Tuesday, January 17, 2012

Fact check: GOP candidates stretch truth in S.C. debate

Source: USAToday:

Romney claimed that "this president has opened up no new markets for American goods around the world in his three years," ignoring trade deals Obama signed in October 2011 with South Korea, Colombia and Panama.

When we asked Romney's spokesman, Eric Fehrnstrom, about this claim, he said the three deals we mentioned were negotiated by the Bush administration and only approved by Congress under Obama. But that, too, ignores work by the Obama administration to break a stalemate and win agreement from lawmakers on the deals. The New York Timessaid that the culmination of the deals "end[ed] a political standoff that has stretched across two presidencies," calling the inking of the pacts "a rare moment of bipartisan accord" and "a victory for President Obama," who bucked some in his own party who opposed the deals.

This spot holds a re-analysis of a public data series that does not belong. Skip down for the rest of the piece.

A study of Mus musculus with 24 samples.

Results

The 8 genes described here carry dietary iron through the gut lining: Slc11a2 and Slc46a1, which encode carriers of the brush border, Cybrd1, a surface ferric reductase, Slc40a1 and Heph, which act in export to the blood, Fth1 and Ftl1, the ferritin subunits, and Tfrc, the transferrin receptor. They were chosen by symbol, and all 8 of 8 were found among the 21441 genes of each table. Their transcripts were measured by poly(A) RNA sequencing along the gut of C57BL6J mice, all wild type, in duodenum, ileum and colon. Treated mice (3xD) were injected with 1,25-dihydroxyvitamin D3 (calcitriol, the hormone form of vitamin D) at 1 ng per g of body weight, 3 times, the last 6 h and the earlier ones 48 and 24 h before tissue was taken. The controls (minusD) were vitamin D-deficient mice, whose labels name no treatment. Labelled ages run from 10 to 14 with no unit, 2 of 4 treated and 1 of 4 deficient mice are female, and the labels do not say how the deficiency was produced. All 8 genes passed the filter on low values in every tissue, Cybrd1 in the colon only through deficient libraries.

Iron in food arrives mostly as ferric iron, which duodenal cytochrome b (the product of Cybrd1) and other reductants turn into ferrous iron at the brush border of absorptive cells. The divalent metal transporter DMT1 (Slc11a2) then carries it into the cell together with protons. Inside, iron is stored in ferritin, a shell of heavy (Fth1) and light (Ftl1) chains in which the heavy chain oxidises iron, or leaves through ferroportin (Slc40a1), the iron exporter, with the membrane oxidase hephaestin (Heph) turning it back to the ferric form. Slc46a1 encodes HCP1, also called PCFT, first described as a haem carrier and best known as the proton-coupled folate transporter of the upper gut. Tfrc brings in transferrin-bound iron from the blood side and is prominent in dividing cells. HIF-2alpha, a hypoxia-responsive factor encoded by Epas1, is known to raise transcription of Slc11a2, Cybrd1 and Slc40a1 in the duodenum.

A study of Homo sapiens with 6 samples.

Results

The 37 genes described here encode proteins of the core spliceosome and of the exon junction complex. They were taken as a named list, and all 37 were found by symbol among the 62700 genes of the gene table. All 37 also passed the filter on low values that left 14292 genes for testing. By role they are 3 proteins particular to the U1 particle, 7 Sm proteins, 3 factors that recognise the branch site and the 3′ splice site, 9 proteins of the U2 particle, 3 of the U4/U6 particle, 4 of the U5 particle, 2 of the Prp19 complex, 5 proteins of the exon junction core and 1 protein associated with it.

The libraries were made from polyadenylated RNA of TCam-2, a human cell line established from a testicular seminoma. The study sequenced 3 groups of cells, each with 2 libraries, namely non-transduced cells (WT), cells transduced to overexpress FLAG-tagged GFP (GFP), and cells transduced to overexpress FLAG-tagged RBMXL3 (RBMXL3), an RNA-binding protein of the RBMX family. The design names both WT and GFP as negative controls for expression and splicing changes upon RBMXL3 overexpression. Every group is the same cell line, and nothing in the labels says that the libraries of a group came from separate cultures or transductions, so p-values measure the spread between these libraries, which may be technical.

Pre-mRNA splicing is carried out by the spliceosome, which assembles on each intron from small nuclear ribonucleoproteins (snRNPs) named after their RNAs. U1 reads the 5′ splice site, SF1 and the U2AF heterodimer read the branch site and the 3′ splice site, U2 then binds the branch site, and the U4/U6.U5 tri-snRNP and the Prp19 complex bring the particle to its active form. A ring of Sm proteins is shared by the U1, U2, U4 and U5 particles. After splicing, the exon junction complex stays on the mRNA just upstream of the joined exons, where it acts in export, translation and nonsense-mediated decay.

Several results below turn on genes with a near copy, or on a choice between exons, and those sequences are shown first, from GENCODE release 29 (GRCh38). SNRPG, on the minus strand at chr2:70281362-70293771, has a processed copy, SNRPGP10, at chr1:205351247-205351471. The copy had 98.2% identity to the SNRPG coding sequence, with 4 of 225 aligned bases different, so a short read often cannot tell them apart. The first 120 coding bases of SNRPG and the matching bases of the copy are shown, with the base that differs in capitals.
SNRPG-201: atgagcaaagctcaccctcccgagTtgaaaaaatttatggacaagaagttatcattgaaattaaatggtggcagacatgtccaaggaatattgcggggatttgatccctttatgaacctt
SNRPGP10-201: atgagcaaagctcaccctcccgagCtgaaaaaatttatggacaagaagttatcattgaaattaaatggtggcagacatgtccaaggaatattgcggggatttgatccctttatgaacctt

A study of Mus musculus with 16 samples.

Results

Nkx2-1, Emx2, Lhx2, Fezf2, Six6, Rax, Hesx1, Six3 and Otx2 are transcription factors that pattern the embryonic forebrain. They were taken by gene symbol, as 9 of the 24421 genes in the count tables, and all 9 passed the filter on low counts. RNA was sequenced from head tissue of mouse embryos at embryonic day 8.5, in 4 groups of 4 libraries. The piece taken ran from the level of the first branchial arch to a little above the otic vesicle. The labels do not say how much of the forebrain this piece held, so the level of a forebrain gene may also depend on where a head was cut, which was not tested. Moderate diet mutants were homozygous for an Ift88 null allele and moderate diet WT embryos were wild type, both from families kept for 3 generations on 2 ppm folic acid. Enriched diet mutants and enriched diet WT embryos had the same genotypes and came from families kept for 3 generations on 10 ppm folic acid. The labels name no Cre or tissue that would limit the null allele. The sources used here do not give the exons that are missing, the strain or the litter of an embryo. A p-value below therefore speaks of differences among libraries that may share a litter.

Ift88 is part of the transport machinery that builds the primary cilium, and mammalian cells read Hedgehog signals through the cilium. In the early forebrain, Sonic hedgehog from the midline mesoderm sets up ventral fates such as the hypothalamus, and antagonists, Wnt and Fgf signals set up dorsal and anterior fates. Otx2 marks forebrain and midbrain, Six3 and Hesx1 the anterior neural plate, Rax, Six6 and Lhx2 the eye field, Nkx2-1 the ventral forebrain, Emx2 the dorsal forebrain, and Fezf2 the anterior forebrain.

So it would be accurate to say the president hasn't negotiated any new trade deals, but Romney goes too far when he denies the president any credit for opening up new markets.

Paul vs. history: Income tax

Rep. Ron Paul claimed that the United States had no income tax "up until 1913." Not quite. Congress passed the Revenue Act of 1861 to help finance the Civil War.

During the debate, moderator Bret Baier asked each candidate how high they would set the income tax rate. Paul was the only candidate to say "zero" percent, drawing huge applause, and supporting his position with a bogus history lesson.

Paul: Well, we should have the lowest tax that we ever had and up until 1913 it was zero percent. What's so bad about that?

Yes, the 16th Amendment to the U.S. Constitution gave Congress the explicit power to tax "from whatever source derived." But Congress did impose income taxes prior to that.